VANCOUVER - The B.C. Lions have found their new voice on the sidelines.
A week after stepping down as head coach of the team, general manager Wally Buono announced his successor Tuesday, naming Mike Benevides as the club's new coach.
While the move was an anticipated one -- Buono hinted at it during his press conference last week -- the GM said the decision to promote the club's defensive co-ordinator was the right choice.
"Mike has been with me a lot of years, and every opportunity that I've given him, he's excelled at," Buono said. "I think the next step in our journey to make this organization as strong as it can be, is to be choosing the right person to lead this football club and to be the face of this football club.
"He's earned this opportunity and I do believe Mike is the right guy."
Benevides becomes the 24th head coach in franchise history and takes over the reins from the CFL's all-time wins leader. The legacy Buono has left doesn't add any extra pressure, according to Benevides.
"I want to win and we're going to win, so all of the other things aren't relative to me," the 45-year-old said. "I'm an intense guy, I'm a competitive guy. And it's exciting because of the challenge. We have a tremendous opportunity here to set a dynasty in place with the players in this room and I wouldn't want it anywhere else."
If anything, having Buono around will be beneficial for Benevides.
"I'm going to lean on him. I'm going to ask him questions. I'm going to use him as a sounding board," Benevides said. "I'll draw on that knowledge of what to do and what not to do.
"People don't realize we've been going to war for 12 seasons. We've won three Grey Cups together. We know how it works. We understand the relationship is based on respect and we work tremendously well together."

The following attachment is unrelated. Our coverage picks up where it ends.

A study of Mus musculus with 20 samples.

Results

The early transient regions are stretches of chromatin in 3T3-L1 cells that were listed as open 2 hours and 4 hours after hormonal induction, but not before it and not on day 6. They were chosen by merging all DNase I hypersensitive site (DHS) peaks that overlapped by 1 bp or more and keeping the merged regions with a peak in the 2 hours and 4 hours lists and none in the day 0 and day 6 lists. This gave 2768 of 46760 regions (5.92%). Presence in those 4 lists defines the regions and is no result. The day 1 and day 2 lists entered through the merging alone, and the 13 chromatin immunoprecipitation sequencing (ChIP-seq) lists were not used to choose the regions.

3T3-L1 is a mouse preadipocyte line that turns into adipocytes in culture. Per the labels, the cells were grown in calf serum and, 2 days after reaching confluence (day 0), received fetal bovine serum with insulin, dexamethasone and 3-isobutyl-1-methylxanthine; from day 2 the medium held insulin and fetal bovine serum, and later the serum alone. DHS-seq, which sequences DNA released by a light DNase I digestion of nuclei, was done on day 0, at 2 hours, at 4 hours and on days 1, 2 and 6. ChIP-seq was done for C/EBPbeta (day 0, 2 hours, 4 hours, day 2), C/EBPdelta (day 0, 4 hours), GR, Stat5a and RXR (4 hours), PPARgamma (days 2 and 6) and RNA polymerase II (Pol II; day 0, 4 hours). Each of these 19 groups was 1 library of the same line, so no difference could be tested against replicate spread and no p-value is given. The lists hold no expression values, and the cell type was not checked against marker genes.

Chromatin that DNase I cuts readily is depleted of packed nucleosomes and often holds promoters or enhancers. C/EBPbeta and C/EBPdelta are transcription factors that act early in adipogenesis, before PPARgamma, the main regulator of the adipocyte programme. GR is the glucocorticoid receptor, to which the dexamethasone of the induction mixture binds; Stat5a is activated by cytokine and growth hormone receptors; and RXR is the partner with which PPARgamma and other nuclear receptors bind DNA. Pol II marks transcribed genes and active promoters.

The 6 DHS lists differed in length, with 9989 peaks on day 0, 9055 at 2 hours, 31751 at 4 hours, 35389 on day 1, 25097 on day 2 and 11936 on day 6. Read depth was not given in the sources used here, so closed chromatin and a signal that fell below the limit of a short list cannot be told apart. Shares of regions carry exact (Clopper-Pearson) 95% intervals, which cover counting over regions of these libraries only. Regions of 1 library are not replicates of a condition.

Benevides began his CFL career in 2000 after approaching Buono, who was with the Calgary Stampeders at the time, about a guest coaching position. He landed a job with the Stamps, winning a championship with Buono in 2001 as a special teams coach before moving with Buono to the Lions in 2003.
Nine seasons later, having served as a special teams co-ordinator for the first five years and defensive co-ordinator and linebackers coach for the last four, the Toronto native finds himself in the head role with the Lions.
Buono won't be on the sidelines during the season. He said he wants to be a lot less visible to allow Benevides to get comfortable in his new job.
Benevides will also pick his own coaching staff and will be giving the current coaches right of first refusal to stay on. He hasn't decided if he'll retain his role as the defensive co-ordinator.
Moving forward, Benevides is hoping to build on the standards Buono set while making his own mark.
"We plan to win a lot more championships after this," he said. "I'm going to teach those players, I want to make sure that we empower those players, and I want to make sure that we provide them an environment and a place where we promote team first and family first.
"I'm ready to go to work and June 1 can't come soon enough."